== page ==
Review: An Elegant Puzzle
My boss suggested I read An Elegant Puzzle: Systems of Engineering Management by Will Larson.
It's a really good book! Unlike Fournier's The Manager's Path or Lopp's Managing Humans, this book is structured to provide you, the jobbing manager, with a bunch of useful tools that you can use in your actual work.
The scope is broad. It covers hiring, org structure, culture, strategy docs, on-call rotas, and more.
The style is cool, measured, and nuanced. Larson brings an engineering mindset to management challenges and seems to pull it off.
You won't find much in here about inspiring a team, giving tough feedback, firing people gently, or really much in the way of the more emotional I was going to say 'human', but fuck that. Thinking dispassionately is human too. side of management. I think this is OK and maybe even deliberate. You need to do those things no matter what kind of team you are managing, whereas the scope of the book is firmly fixed around engineering management.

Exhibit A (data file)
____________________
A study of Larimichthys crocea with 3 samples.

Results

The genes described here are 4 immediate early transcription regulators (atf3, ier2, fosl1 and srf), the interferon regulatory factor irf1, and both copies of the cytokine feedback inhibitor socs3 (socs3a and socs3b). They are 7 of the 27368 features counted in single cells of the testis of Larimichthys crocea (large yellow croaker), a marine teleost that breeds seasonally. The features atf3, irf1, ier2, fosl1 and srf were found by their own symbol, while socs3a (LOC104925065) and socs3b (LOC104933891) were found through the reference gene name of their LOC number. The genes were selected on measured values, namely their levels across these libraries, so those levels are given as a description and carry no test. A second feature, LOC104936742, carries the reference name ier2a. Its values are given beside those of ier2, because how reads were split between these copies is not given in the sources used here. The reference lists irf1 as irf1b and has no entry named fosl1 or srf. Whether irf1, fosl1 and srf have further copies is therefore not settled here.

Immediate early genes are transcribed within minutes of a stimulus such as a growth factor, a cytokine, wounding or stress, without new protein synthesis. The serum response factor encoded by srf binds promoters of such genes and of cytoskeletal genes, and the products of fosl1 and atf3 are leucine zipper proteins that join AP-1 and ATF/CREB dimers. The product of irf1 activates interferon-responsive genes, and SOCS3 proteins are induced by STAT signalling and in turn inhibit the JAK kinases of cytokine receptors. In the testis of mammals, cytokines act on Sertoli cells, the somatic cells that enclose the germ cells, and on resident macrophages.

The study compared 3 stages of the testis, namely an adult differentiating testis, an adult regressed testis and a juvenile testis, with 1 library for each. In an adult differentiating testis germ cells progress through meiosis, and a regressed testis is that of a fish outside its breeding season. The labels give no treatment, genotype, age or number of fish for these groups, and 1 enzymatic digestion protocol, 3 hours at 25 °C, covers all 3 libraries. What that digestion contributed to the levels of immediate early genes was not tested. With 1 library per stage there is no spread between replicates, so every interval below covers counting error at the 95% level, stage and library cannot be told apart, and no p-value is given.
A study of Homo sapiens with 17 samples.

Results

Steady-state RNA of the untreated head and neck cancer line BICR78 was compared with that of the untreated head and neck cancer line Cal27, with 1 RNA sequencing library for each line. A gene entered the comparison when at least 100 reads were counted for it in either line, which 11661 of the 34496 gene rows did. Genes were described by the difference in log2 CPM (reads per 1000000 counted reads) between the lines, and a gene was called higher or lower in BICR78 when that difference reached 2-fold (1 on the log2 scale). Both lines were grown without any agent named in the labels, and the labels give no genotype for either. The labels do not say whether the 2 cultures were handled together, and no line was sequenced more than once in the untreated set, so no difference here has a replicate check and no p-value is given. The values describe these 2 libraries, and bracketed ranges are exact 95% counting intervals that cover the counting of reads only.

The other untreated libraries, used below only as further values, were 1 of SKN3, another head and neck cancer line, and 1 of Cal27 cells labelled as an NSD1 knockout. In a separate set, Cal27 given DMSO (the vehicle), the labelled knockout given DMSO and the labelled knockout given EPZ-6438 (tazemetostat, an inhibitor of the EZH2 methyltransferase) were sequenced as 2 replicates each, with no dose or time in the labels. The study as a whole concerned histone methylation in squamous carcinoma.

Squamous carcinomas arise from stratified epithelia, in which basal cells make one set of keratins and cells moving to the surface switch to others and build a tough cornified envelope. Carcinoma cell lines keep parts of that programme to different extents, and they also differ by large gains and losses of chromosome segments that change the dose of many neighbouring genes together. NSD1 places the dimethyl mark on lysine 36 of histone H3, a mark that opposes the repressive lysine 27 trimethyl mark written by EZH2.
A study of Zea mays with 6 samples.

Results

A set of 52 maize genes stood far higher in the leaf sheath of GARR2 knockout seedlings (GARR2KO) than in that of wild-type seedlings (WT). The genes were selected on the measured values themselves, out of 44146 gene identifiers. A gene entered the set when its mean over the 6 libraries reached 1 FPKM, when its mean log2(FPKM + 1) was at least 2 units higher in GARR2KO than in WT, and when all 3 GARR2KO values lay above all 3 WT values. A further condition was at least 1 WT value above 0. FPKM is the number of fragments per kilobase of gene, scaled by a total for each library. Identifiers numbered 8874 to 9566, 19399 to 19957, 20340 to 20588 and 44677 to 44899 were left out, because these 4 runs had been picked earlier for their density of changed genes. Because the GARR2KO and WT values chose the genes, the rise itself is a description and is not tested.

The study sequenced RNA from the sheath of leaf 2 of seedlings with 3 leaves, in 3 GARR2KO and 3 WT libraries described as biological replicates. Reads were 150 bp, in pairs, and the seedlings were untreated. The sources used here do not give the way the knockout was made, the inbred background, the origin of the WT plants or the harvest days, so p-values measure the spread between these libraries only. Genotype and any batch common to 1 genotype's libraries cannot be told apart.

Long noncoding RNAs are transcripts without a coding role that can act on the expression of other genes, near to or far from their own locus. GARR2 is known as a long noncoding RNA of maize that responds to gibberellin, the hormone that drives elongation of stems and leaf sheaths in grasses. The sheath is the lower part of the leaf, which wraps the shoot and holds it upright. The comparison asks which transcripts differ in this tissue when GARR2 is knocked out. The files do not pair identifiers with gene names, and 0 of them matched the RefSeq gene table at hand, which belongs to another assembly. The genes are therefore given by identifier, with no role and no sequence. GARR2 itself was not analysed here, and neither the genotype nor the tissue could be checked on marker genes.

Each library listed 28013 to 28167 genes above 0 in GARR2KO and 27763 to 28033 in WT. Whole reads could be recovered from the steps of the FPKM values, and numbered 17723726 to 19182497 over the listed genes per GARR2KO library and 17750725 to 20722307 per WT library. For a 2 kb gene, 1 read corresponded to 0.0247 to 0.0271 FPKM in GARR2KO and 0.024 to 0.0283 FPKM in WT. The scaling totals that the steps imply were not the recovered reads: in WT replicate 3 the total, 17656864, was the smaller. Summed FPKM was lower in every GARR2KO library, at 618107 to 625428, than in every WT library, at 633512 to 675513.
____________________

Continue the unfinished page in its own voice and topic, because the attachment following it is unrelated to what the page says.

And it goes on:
I have two gripes about this book.
The first is that the title is a blatant lie. There is nothing elegant about this puzzle. It's a mess and the solutions are messy and nothing in the book pretends otherwise.
The second is that the author constantly refers to his own blog via endnotes. Sometimes, he even uses terms that he has defined in those blog posts as if you were expected to have read them. This seems like madness to me. If you are writing a book, put the words you want in the book into the book. If there are words that you have elsewhere that are needed in the book, put them in the book too.
Neither of these gripes should stop you buying the book.
I would suggest getting a physical version. Much like 100 Ways To Improve Your Writing, this is a book that's meant to be flipped through and consulted, rather than read straight through (as I did).
If you aren't genuinely interested in software engineering management, you probably won't get much out of this book. It's not like, say, Slack or The Mythical Man-Month, in that there's very little in here that you could use to beat your own manager over the head.